Users at the Storage Decisions show in Chicago this week are talking about DR and replication strategies, and specifically about which technologies they are evaluating and why.

CHICAGO -- Disaster recovery (DR) was the topic of the day at the Storage Decisions conference Wednesday, with users swapping ideas on which technologies they are evaluating and why.

Bob Caron, enterprise storage manager with Grainger Inc., a retail distribution company, is building a DR site that the company hopes will be up and running this summer.

"We had been contracted with IBM for disaster recovery services, but for control and expense purposes we decided to do it on our own … with the sensitivity of data these days, we decided to keep it in our hands and it became cost-prohibitive to do immediate failover with IBM," Caron said.


W. Curtis Preston, vice president of services at GlassHouse Technologies Inc., noted that customers eventually get to a point where it is cheaper to roll their own DR. "That's why you see companies like EVault, LiveVault and others selling their software as well as providing services," he said.

Another organization building out a DR site is the University of Western Ontario. It has the added complexity of managing DR within a heterogeneous environment. The university has mainly IBM FAStT arrays at its primary site, but also Sun Microsystems Inc. and Nexsan Technologies Ltd. disk, among other boxes. "We need to find a way to grab hold of all the data from these systems and send it over to the DR site in one go," said Jon Hickmott, senior Unix and database administrator at the university.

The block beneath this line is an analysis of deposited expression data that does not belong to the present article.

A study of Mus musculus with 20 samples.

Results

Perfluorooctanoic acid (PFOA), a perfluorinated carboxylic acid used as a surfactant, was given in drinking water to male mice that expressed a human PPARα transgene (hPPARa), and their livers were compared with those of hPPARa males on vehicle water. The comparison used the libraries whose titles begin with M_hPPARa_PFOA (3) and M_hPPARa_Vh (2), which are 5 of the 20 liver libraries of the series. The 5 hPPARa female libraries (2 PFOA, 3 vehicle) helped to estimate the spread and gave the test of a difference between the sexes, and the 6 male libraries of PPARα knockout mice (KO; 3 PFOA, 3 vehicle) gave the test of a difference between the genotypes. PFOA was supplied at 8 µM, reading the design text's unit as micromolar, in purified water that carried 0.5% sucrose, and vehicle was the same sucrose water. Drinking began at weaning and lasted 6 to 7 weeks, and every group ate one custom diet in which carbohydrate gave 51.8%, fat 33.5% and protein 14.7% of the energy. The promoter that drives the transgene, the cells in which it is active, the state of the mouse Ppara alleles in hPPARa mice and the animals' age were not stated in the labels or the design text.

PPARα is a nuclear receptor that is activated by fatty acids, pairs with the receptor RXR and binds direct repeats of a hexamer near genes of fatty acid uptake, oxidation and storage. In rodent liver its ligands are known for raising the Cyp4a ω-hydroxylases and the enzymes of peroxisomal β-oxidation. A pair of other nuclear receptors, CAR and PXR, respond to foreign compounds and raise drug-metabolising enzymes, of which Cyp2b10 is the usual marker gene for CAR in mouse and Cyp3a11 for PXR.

Initially, they looked at mirroring for the IBM FAStT 700, but it was too expensive. "They quoted us $100,000 just for the mirroring software," Hickmott said. Now he is evaluating virtualization products from Network Appliance Inc., FalconStor Software Inc. and Zetta Systems Inc.

Yet another company building out a second site for DR purposes -- this one in the transportation sector -- told that it's checking out FalconStor's fabric-based product. "The FalconStor cost model is too much for the amount of data we are moving, but if the price comes down we will get it," said the company official, speaking on condition of anonymity. The firm would be sending 200 GB of data a day. He said that adding "another layer of complexity into the network" could also be problematic with this approach.

Security popped up in one session as a component of DR, with most users admitting that they don't encrypt their data at this point. A couple of the stumbling blocks to implementing encryption appeared to be key management and also how much of a performance hit is introduced.

This sparked off a conversation about Iron Mountain, Inc. and the recent debacle over lost backup tapes. One user noted how important it is to keep checking up on what the off-site backup companies are doing for you. "I went around there to see where they store our tapes and was stunned to find they were surrounded by acres of paper," this user said.